The Danger Of Speaking Spanish In Public

Angela Bassett, left, and Javier Bardem present the award for best foreign language film at the Oscars on Sunday, Feb. 24, 2019, at the Dolby Theatre in Los Angeles. (Photo by Chris Pizzello/Invision/AP)
Angela Bassett, left, and Javier Bardem present the award for best foreign language film at the Oscars on Sunday, Feb. 24, 2019, at the Dolby Theatre in Los Angeles. (Photo by Chris Pizzello/Invision/AP)

Thanks to Diego Luna, Javier Bardem, Alfonso Cuarón and Trevor Noah, nearly 30 million viewers in the United States and a few hundred million more worldwide heard Spanish and Xhosa in the 2019 Academy Awards ceremony. These nuggets of multilingualism, combined with some historic nominations and awards recipients, made this year’s ceremony fairly inclusive by Academy standards, even if some of the awards raised eyebrows.

There is no doubt that hearing other languages in a major broadcast helps normalize multilingualism in the United States. But even with the Academy’s reputation for staidness, the Oscars are a friendly stage. After all, you wouldn’t expect Alfonso Cuarón to be heckled for saying muchas gracias in his Best Foreign Film acceptance speech. For the 41 million who speak Spanish at home in the U.S., however, speaking Spanish in public is often met with significantly more hostility.

Ever since video of New York lawyer Aaron Schlossberg threatening to call ICE on the Fresh Kitchen deli employees because he heard them speaking Spanish went viral, tens of similar videos have come to light. Regardless of the location — a Walmart in Georgia, a grocery store in Colorado, restaurants in VirginiaWest Virginia and Texas; a Fourth of July celebration in California; a road in Texas; a cardiologist’s office in California -- these videos follow a very similar script. Shoppers, workers or bystanders are called out and threatened for speaking Spanish in public — a variation on the refrain “This is America; speak English" — victims take video of the exchange, which goes viral on social media and news coverage of the incident results in an outpouring of support for the victims.

It is easy to dismiss these incidents as nothing more than viral content: tidbits of reassuring indignation that are quickly consumed, shared and forgotten. To be sure, that is a valid critique of our media consumption. In terms of content, though, these videos unmask an ugly truth about everyday life for racialized minorities, whose implications extend beyond the short shelf life of a viral post. Predictably, some of these language vigilantes have tried to offer mealy-mouthed apologies declaring they are not racists. But their actions expose deep-seated anti-immigrant sentiment and racial bias.

Language rights are a question of civil rights. If somebody yells at you “This is America. Speak English,” that’s hate speech. If it crosses the line from hateful language to harassment, that’s a hate crime. True, hateful language by itself does not necessarily constitute a hate crime; however, hate crimes are almost always accompanied by hateful language, as in the case of the Utah man who struck a father and son with a metal pole while shouting “I hate Mexicans” and “I’m here to kill a Mexican.”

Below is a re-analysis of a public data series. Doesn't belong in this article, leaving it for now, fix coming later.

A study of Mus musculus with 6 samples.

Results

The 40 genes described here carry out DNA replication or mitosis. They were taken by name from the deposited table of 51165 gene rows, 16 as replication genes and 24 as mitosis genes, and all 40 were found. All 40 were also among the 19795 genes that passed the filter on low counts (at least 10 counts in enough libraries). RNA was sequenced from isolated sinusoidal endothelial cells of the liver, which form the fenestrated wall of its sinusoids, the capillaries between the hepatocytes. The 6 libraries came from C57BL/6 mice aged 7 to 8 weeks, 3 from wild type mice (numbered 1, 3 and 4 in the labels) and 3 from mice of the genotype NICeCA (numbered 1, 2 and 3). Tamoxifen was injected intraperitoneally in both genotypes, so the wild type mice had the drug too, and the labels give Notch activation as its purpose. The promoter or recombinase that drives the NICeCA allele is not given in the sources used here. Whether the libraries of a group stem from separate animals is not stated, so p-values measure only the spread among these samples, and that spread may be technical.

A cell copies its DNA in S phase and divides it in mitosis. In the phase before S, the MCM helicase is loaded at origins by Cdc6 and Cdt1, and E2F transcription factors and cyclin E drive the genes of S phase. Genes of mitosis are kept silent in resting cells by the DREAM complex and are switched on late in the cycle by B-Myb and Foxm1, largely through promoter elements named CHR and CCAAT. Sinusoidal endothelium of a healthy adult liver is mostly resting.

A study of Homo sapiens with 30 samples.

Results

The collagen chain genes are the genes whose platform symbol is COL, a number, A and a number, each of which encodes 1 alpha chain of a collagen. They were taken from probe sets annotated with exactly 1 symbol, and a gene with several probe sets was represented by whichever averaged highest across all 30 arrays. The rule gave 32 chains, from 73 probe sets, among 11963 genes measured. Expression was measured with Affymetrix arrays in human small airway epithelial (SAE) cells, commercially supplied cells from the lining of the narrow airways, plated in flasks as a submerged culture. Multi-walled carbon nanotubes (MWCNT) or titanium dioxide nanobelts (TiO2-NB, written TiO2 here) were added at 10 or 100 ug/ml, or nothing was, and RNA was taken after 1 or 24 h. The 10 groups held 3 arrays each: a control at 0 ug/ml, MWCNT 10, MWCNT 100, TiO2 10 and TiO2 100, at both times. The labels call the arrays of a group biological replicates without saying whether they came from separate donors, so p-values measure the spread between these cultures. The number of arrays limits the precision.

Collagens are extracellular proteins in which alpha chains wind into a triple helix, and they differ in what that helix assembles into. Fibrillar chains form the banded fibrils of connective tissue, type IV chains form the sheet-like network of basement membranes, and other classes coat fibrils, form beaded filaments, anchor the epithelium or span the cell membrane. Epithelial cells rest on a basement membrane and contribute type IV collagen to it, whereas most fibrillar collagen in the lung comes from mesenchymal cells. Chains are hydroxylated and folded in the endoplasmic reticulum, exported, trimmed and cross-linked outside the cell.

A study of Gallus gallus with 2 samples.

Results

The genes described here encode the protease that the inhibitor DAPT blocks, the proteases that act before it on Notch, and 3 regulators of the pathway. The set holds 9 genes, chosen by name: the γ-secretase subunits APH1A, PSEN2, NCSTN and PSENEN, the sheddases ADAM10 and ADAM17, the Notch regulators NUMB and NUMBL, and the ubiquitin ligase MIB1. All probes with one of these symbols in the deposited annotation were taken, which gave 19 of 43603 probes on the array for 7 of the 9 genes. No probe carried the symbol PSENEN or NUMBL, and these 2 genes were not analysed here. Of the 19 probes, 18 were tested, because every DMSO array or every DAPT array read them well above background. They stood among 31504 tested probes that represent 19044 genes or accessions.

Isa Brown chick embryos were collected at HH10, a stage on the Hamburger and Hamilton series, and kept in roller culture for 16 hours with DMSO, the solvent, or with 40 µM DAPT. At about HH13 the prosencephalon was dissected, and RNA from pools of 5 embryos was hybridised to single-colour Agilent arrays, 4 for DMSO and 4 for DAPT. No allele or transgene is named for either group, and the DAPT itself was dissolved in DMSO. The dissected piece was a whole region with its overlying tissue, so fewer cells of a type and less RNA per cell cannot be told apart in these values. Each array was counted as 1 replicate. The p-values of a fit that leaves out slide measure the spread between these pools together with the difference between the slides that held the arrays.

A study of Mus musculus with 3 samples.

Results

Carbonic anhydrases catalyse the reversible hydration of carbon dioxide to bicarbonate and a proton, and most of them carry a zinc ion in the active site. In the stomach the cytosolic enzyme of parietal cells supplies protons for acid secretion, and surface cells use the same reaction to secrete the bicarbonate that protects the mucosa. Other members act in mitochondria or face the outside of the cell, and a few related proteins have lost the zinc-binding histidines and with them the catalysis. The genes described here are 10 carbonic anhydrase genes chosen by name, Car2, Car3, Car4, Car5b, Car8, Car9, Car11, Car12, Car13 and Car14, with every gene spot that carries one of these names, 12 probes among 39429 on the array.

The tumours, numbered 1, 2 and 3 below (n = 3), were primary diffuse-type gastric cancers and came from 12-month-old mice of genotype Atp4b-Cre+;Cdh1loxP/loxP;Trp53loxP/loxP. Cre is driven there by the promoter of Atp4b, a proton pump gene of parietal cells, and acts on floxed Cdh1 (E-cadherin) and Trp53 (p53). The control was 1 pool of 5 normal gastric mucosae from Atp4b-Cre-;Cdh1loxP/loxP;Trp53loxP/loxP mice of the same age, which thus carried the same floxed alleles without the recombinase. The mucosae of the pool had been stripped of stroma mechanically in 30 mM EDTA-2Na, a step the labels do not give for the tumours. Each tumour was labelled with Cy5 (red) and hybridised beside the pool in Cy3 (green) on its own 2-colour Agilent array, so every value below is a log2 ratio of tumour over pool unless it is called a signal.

There is plenty of verbal violence in those videos in the form of yelling and racial slurs. An implied sense of physical menace is palpable in many of them, to the point where you have to wonder whether the act of recording itself was meant as a deterrent to prevent an escalation. It is easy to imagine these encounters turning violent, as it happened in London in October.

If it feels like these videos are becoming more frequent, that is because hate crimes are up since 2016. They have increased by over 10 percent in the 10 largest cities. About 40 percent of Latinos have experienced some form of harassment, including verbal aggression for speaking Spanish. Statistically, Latinos are more likely to become victims of a hate crime than non-Hispanic whites or African-Americans.

Language rights are a question of civil rights.

Of course, anti-Latino sentiment existed before cell phone video and continues to happen off-camera today. But it is thanks to the testimonial value of the camera that we can document the frequency of hate incidents. When future cultural historians analyze race relations in the 2010s, they will be looking at the now ubiquitous vertical cell-phone videos.

Certainly, English is important for anybody who lives in the United States. However, we can all agree that when someone yells “This is America! Speak English” at Spanish speakers, or urges others to go back to their unprintable country, they are not looking forward to starting a thoughtful dialogue on multilingualism. It is, plain and simple, an act of hate.

What can you do if you witness or suffer harassment or discrimination for using a language other than English? For starters, and if it is safe to do so, document it: take your cell phone out and record the interaction. If not in immediate danger, take a stand and confront the perpetrator. The Human Rights Campaign publishes a guide to what to do if you have been the victim of a crime. The Southern Poverty Law Center has a guide on fighting hate in the community. Anti-immigrant incidents such as language harassment can be reported, no matter how small the incident, to Document Hate.

It is progress that we can hear Spanish in the Oscars and in many of the Oscar-nominated films without batting an eye. It will be even more meaningful progress when Latinos can speak Spanish as freely at a local Walmart as Alfonso Cuarón can on the stage at the Dolby Theater.


Headshot of Roberto Rey Agudo

Roberto Rey Agudo Cognoscenti contributor
Roberto Rey Agudo is Language Program Director in the Department of Spanish and Portuguese at Dartmouth College and a 2018 Public Voices Fellow with The Op-Ed Project.